Hundreds (literally) of Republican Women of Prescott gathered at their monthly luncheon on Wednesday to hear from Christina Sandefur, Executive Vice President at the Goldwater Institute. Sandefur, the co-drafter of the ‘Right to Try’ legislation, explained how this law can help those with terminal illnesses get the treatment they need.
Other news from RWOP included information that:
- The club raised $4800 for Honor Flight Arizona in February to help World War II vets go back to see their Memorial in Washington DC
- Membership in RWOP stands at more than 600 members. In 2015, they were the official largest Republican women group in the country, and they are well on their way to repeating that this year.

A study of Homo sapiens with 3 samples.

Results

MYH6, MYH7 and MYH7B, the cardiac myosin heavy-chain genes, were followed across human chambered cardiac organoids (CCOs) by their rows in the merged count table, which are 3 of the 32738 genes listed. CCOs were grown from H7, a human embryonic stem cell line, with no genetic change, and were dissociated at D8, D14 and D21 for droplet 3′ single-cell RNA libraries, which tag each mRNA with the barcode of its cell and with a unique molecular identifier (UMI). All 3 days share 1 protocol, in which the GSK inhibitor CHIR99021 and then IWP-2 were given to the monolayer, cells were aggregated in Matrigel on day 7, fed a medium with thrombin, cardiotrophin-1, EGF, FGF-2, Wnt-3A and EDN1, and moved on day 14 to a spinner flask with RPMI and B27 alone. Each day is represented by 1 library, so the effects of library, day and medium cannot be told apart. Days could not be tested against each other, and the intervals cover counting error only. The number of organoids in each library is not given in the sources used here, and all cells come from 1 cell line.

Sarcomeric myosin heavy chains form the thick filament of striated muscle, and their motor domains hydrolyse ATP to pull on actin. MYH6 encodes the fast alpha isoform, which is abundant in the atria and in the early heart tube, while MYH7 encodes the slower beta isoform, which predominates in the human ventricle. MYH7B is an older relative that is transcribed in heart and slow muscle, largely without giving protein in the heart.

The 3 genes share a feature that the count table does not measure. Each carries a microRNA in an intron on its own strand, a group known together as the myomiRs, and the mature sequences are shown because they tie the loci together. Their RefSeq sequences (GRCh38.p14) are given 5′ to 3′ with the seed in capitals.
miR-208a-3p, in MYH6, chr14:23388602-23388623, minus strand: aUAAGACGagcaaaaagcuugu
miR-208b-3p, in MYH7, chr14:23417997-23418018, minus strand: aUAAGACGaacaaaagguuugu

- A Mardi Gras celebration to be held April 17 at the Prescott Resort
Enacted in 24 states, Right to Try legislation allows those that are dying, and have exhausted every other treatment option, access to drugs deemed to be safe, but are still in trials with the FDA and not yet available to the general public. The law has broad bipartisan support amongst voters and legislators alike.
In Arizona, it passed as a legislatively referred state statute in 2014. The only state where it has failed is California. It was enacted on in the legislature, but Governor Jerry Brown vetoed it, just six days after signing a “Right to Die” law.
Listen to Sandefur explain the reasons and the necessity for 'Right to Try' legislation:
Afterwards, Sandefur clarified that people who do not live in a ‘Right to Try’ state can visit or move to another state where it has been placed into law and receive the needed benefits.
Right to Try website: RighttoTry.org
Right to Try Foundation helps families who are unable to afford the treatments and need financial assistance.
The Right To Try, by Darcy Olsen, President of the Goldwater Institute.